Proposition 19, which would legalize and regulate production and distribution of marijuana in California, is trailing slightly in the two most recent polls from Field and PPP. Both Field and PPP have the No vote outnumbering the Yes vote by seven percent. SurveyUSA has Prop 19 in slightly better shape, with Yes trailing No by only two points, which is unchanged since last week.

Field (PDF) (10/14-26)
Proposition 19 legalizes marijuana under California but not federal law and permits local governments to regulate and tax its commercial production, distribution and sale. Allows people 21 years or older to possess, cultivate, or transport marijuana for personal use. Fiscal impact: Depending on federal, state and local government actions, potential increased tax and fee revenues in the hundreds of millions of dollars annually and potential correctional savings of several tens of millions of dollars annually. (IF ALREADY VOTED) Did you vote YES or NO on Proposition 19? (IF NOT YET VOTED) If the election were being held today, would you vote YES or NO on Proposition 19?
Yes 42
No 49
Undecided 9


PPP
(PDF) (10/29-31)
Proposition 19 would legalize marijuana under California but not federal law. It would permit local governments to regulate and tax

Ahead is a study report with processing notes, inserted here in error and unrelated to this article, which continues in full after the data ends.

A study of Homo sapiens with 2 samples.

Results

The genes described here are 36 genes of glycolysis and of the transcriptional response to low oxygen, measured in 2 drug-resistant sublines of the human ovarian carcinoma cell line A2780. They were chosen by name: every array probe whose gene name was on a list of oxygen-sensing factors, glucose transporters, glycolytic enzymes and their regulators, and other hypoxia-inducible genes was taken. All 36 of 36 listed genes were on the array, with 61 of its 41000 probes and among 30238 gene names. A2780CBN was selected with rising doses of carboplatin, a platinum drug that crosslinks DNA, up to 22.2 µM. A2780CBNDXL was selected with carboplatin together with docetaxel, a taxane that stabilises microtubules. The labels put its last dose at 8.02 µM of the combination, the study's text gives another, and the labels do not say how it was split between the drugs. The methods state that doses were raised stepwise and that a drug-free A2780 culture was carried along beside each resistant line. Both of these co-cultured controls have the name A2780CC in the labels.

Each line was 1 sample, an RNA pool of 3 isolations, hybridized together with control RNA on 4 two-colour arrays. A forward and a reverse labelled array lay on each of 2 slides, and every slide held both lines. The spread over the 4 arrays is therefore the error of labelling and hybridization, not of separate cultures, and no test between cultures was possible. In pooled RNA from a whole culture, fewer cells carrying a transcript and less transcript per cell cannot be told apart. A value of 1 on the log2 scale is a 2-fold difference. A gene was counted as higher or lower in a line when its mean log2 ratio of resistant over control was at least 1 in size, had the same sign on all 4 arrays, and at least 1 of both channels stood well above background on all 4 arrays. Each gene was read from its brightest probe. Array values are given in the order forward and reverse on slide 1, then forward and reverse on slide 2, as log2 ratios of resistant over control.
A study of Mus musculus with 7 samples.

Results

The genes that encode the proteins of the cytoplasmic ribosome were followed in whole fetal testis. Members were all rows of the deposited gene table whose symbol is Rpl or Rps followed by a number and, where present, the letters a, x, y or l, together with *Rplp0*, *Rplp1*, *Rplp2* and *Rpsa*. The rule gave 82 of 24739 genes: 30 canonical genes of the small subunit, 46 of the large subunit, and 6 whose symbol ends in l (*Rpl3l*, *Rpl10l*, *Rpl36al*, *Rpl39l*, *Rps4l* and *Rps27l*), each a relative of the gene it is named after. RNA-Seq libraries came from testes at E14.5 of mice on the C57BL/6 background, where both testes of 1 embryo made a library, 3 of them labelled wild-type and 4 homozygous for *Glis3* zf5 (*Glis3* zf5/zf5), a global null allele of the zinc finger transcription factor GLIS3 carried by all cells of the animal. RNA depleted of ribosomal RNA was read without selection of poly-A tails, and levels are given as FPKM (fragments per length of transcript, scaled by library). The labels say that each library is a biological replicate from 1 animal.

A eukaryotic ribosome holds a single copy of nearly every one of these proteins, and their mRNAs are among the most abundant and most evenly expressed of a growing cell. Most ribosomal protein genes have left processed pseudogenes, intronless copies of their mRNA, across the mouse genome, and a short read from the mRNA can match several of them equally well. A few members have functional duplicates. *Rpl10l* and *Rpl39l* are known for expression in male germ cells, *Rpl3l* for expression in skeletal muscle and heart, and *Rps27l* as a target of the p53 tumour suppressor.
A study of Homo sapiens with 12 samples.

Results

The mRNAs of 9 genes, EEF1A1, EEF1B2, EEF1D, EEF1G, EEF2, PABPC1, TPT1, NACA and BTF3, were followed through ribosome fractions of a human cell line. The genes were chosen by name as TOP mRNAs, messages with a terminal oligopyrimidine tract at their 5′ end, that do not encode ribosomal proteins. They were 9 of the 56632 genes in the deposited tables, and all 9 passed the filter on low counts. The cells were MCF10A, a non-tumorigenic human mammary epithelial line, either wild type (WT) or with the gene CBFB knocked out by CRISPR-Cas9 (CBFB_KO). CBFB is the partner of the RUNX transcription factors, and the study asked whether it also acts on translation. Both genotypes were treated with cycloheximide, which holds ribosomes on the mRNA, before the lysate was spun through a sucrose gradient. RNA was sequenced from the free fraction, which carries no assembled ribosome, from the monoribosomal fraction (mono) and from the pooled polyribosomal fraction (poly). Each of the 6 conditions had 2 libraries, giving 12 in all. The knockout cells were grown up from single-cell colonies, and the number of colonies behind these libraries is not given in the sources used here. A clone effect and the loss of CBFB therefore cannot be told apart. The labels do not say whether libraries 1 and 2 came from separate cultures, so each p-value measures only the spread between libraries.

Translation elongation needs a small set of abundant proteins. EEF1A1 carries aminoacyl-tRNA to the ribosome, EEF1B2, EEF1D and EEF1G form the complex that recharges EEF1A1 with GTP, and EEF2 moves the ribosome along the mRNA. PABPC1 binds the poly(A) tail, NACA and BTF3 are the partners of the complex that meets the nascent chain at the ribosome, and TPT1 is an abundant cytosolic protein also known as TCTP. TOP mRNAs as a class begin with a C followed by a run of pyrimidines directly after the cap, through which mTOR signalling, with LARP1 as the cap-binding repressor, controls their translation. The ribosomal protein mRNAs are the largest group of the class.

commerical production, distribution, and sale of marijuana. Will you vote yes or no on Proposition 19?
Yes 44
No 51
Undecided 5

SurveyUSA (10/26-31)
California voters may also vote on several propositions. On Proposition 19, which would change California law to legalize marijuana and allow it to be regulated and taxed, are you … Certain to vote yes? Certain to vote no? Or not certain?
Certain Yes 44
Certain No 46
Not Certain 10

While the polling is still relatively close, this is not a good sign. For Prop 19 to pass, there will need to be a very large turnout among supporters and young voters who are not being included in the pollsters’ “likely voter” models.

If Prop 19 does outperform the polls and ends up passing, it will likely be the result of some “reverse Bradley effect,” where some voters feel uncomfortable telling a pollster that they support marijuana legalization. While this is uncommon in polling, it is not unheard of. The big pollsters in 2008 all found California’s anti-same sex marriage initiative, Prop 8, losing in their last polls before the election, only to see the measure win with 52 percent of the vote.

Even if Prop 19 does narrowly fail to pass, the margin is still very important. This is a midterm election, which always sees lower youth turnout than presidential elections. This year in particular is expected to have unusually high turnout among older conservatives, which is hurting Prop 19’s chances. The result is a generally unfavorable electorate for the initiative.

Based on the likely change in levels of turnout by different groups, an identical marijuana legalization ballot measure would probably do two to three percent better with the more demographically favorable 2012 electorate. And that is without taking into account the fact that, in general, support for marijuana legalization has been growing steadily every year.